Audiences Began Noticing Clarinetist Richard Stoltzman After He Streaked Onstage

UPDATED 07/30/1979 at 01:00 AM EDT Originally published 07/30/1979 at 01:00 AM EDT

The audience at a chamber music recital in Manhattan's Metropolitan Museum of Art must have wondered if they had blundered into Oh! Calcutta! The clarinetist, Richard Stoltzman, had just streaked quite naked across the stage. "I wanted to wake them up," he shrugs. Since that memorable 1974 performance, classical musician Stoltzman has mellowed. Now 37, he may amble up and down the aisles clothed in jeans, sportshirt and what he calls his "dress sneakers. My performance is an interaction with the audience," he explains. "I want people to see the real stuff, the sweat and breathing. If they want to be left alone, they shouldn't come to the concert."

As talented as he is bumptious, Stoltzman will be playing to full houses next week during New York's annual Mostly Mozart Festival. He has been a local favorite since winning the Avery Fisher Prize for instrumentalists two years ago. He also has drawn sellout crowds as a soloist with major orchestras and chamber groups around the world. "I guess I have to like playing with others. I have no choice," he observes. Except on records, where he has cut two solo albums. The Art of Richard Stoltzman is the latest.

The Stoltzman technique is subtle yet irreverent. "Sometimes I like the clarinet to sound like a clarinet and sometimes I like it to sound like a bassoon or oboe or string instrument," he says. A classicist by training, he dares to be different by mixing jazz and improvisation into his repertoire. "The clarinet is associated with Dixieland and Big Bands," he notes, "but Brahms came out of retirement to write for the clarinet."

Stoltzman didn't start out so convinced. "When I was a kid taking lessons at the neighborhood music store in San Francisco, if folks had said, 'Oh, yuk,' when I played, I probably would have stopped," he recalls. But his father, an employee of the Western Pacific Railroad and a devotee of bandleader Lester Young, urged Richard on. He was taught to play the flute, oboe, sax and bassoon. After Ohio State and grad school at Yale, Stoltzman trained for three years with the renowned Kalmen Opperman. He then signed to teach at the spanking new California Institute of the Arts in Valencia. But for the first year, not one pupil signed up. "Folks don't like the clarinet at the beginning," he concedes. "It's not a major voice, like the piano." Eventually the professor got his students, but by then he had developed other interests. With Peter Serkin, son of pianist Rudolf, Stoltzman formed TASHI (Tibetan for good luck), a chamber music ensemble. A string of sellout performances and a hit album of Messiaen's Quartet for the End of Time followed.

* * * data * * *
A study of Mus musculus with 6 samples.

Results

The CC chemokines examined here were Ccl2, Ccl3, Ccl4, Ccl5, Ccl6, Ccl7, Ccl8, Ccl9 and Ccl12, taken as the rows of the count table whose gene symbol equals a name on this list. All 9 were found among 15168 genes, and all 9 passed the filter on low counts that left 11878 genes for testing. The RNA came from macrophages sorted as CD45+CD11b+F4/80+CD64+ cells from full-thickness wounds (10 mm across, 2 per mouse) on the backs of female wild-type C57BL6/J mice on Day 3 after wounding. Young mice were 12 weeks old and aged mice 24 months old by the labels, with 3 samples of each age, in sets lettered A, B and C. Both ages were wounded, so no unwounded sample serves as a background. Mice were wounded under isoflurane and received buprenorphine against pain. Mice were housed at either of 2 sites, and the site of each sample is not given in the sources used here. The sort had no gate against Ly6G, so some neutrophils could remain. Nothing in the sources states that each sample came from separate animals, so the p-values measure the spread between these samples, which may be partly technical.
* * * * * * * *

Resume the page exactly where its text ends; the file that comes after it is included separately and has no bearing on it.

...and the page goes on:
Because travels with TASHI and other groups keep Stoltzman on the road 10 months out of 12, wife Lucy, a professional violinist (Richard was previously married to violinist Yoko Matsuda), is used to being a single parent to their son, Peter John, 2. "It's not like Dick's gone 9 to 5. He's gone Tuesday to Saturday," Lucy sighs. When he's at home Stoltzman chimes in. "My life is reeds and Pampers, reeds and Pampers," he laughs. He's apparently happier in the kitchen, concocting caloric desserts, notably cheesecake.

The Stoltzmans recently faced that increasingly common problem: what to do when the wife gets offered a job in another city. Lucy has accepted a position as artist in residence at the University of California in Santa Cruz, and the couple just moved from Manhattan to a rented house near the campus. "All I had to do was change travel agents," jokes Richard. Besides, he's already booked on tours through 1980. "Music permeates everything in my life. For me," says the dessert king, "music is a meal."